Maximilian Popp

The West and the Ukraine Crisis It’s Time To Treat Putin Like an Adversary, Not a Partner

Maximilian Popp
A DER SPIEGEL Editorial By Maximilian Popp
NATO member states need to take a confrontational stance toward Russian President Vladimir Putin. In addition to economic sanctions, they should also supply weapons to Ukraine. This is the only way to prevent a Russian invasion.
Russian President Vladimir Putin at a celebration in Moscow in March commemorating the seventh anniversary of the annexation of Crimea

Russian President Vladimir Putin at a celebration in Moscow in March commemorating the seventh anniversary of the annexation of Crimea

Foto: Alexei Druzhinin / AP

Vladimir Putin had been in office for only three years when he made a decision that would shape the course of his presidency: He had the oligarch Mikhail Khodorkovsky arrested and his oil company Yukos broken up. Khodorkovsky was the richest man in Russia at the time, closely connected to decision-makers in the Kremlin and the West. Few inside or outside Russia thought it possible that the government would dare to go after him.

Khodorkovsky himself mistakenly assumed that his friends in Europe and the United States would come to his aid if worse came to worst. By having the entrepreneur locked away for 10 years for tax evasion and fraud, Putin not only clarified the question of power in Russia. He also picked up some important foreign policy insight: When the going gets tough, the West buckles.


The article you are reading originally appeared in German in issue 3/2022 (January 15th, 2022) of DER SPIEGEL.

SPIEGEL International

Europeans and Americans Underestimate Putin

To this day, Putin remains traumatized by the disintegration of the Soviet Union, which he experienced as a KGB officer in Dresden. He has made it his life’s work to restore Russia to world power status. That’s one reason he moved to annex Crimea in 2014 in violation of international law and interfered in the 2016 U.S. presidential campaign. It’s why he provided his backing to Bashar al-Assad in Syria, one of the worst war criminals of the 21st century. Europeans and Americans underestimated Putin’s destructiveness – and they let him have his way.

Now, Russia is further inflaming the conflict with the West by amassing some 100,000 troops on the border with Ukraine. Although Russian and Western diplomats spoke this week, there are growing signs that the negotiations are just a pretext for the Kremlin leader to invade Ukraine soon. Putin cannot live with a pro-Western democracy in his own backyard.

Russian military vehicles: Is Putin planning to invade Ukraine soon?

Russian military vehicles: Is Putin planning to invade Ukraine soon?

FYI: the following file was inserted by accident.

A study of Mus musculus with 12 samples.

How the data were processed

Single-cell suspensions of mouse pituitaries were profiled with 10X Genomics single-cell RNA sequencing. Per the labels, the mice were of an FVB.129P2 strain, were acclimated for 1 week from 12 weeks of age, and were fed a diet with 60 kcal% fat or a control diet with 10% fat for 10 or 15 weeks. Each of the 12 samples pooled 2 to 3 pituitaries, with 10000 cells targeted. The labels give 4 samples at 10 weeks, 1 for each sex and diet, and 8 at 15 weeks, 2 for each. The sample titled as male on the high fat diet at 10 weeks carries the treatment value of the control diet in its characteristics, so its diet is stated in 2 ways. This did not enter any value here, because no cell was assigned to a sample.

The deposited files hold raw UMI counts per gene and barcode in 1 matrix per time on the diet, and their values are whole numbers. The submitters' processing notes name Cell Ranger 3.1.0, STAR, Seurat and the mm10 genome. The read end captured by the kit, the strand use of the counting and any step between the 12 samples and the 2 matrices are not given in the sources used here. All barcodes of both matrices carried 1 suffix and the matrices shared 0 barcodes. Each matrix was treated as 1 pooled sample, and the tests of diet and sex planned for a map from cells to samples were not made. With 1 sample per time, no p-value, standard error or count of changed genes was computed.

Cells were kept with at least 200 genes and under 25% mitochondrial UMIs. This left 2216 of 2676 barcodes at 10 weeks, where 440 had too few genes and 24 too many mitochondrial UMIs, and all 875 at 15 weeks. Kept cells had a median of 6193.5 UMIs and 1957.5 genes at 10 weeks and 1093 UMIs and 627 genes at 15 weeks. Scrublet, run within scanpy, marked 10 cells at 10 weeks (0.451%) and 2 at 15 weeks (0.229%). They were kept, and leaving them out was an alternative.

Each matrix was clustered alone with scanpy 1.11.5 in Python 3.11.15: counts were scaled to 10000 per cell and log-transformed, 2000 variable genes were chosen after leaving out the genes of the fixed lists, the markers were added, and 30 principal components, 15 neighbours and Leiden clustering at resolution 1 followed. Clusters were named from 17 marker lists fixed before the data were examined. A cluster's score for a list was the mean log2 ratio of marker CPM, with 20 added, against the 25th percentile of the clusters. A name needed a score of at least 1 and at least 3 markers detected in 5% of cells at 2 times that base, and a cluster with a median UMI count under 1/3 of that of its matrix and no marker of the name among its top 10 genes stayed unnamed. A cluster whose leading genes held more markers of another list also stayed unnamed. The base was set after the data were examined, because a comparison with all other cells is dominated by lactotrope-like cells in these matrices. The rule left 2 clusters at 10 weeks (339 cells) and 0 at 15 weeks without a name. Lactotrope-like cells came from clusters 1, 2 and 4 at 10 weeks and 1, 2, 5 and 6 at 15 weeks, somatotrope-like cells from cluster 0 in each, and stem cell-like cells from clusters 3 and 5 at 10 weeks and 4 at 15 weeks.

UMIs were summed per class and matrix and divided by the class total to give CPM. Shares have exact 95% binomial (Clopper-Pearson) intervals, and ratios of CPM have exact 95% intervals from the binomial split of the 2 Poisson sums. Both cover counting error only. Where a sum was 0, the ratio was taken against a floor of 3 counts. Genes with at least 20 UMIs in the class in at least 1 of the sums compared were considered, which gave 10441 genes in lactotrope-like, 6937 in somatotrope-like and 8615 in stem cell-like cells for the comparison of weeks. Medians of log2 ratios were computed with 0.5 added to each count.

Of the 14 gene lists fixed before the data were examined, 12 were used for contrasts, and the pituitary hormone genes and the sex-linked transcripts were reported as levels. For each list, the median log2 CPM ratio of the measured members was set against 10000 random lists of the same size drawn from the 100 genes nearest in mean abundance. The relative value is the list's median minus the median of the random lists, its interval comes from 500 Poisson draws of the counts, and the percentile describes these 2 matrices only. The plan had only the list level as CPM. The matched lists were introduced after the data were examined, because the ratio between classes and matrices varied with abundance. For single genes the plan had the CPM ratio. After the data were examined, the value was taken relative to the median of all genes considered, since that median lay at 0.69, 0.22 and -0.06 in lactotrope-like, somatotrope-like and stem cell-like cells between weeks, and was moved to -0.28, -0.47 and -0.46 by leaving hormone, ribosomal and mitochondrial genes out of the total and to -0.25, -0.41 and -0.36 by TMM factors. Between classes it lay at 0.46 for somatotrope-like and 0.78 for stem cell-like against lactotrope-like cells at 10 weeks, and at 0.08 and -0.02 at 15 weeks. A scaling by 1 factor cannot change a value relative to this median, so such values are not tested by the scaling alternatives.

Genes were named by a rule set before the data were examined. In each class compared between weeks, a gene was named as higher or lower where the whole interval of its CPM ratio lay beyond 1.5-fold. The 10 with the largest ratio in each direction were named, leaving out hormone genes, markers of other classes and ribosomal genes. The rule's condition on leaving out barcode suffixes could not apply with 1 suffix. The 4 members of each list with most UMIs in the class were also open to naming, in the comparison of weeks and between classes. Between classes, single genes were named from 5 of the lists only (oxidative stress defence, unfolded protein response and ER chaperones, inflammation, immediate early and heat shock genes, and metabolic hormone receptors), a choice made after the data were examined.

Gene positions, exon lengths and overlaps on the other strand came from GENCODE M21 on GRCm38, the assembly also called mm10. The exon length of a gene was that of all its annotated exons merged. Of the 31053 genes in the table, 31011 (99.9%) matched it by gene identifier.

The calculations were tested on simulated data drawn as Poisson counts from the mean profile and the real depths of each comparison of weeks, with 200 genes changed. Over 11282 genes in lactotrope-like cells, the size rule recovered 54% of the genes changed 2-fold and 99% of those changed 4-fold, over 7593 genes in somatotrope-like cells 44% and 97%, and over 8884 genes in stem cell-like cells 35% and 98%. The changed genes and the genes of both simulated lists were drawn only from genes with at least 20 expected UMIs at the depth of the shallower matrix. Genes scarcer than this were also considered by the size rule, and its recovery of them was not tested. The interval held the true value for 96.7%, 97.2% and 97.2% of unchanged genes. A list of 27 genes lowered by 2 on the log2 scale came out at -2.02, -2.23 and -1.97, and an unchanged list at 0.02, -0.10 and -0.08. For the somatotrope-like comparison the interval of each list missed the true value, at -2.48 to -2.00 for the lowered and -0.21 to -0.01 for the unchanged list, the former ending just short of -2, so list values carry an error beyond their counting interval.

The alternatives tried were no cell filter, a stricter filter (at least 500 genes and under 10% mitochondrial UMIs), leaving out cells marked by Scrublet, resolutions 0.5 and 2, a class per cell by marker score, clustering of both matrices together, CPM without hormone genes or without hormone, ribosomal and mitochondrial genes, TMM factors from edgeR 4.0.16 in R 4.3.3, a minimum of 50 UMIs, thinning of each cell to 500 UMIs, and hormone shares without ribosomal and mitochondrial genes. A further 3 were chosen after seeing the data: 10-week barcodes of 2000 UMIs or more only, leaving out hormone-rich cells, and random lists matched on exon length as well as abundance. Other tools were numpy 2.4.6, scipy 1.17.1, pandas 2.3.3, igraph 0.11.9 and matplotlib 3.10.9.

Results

The Americans and the Europeans have long tried to contain the Russian president through dialogue. In vain. Now, it’s time for a radical change in strategy. The West needs to drive up the price of invading Ukraine so massively that it is too high even for Putin. And it can only do so by seeking confrontation – diplomatically, economically and, indirectly, also militarily.

Putin has established an autocracy in Russia. He has for the most part brought the press and judiciary into line. And yet it is important to him to maintain a façade of democracy and the rule of law. Russia is still one of 47 members of the Council of Europe. Moscow, to be sure, made a mockery of the body by ignoring decisions made by its most important organ, the European Court of Human Rights, in the Navalny case, to name one example. Still, the Council of Europe has so far only been able to agree to a temporary suspension of Russia. Putin’s threats of war against Ukraine would be a good reason to initiate expulsion proceedings against Moscow.

Symbolism Doesn't Impress Putin

More painful for the Kremlin would be economic sanctions. But they must be far tougher than the penalties imposed by the U.S. and Europe following the annexation of Crimea. The German government's hope to continue with the Nord Stream 2 pipeline is irresponsible. The pipeline, which has already been completed, can’t possibly be put into operation for as long as Putin still hasn’t withdrawn his soldiers from the Ukrainian border. That needs to be the clear message from Berlin. The U.S. and the EU could also target Russian state-owned companies like Gazprom. The most far-reaching step would be to remove Russia from the SWIFT international payment system, which would effectively cut it off from the global economy.

All these measures would also affect countries in the West. Germany, for example, imports more than half of its gas from Russia. But this price will have to be paid, because it would be naïve to believe that Putin can be warded off with symbolic gestures.

Lastly, NATO should finally move to deliver lethal weapons to Ukraine. Germany has been one of the main opponents standing in the way of doing so. Normally, security policymakers rightly warn against exporting weapons to crisis areas, but in this case, it is a matter of deterring an aggressor. Putin is likely to be less willing to invade Ukraine if he faces fierce military resistance.

The Russian president is seeking to weaken the West by dividing it. This makes it all the more important for Europeans and Americans to stand together in the Ukraine crisis. So far, that has only been halfway successful. Not least because Germany finally needs to take Putin for what he is: an adversary, not a partner.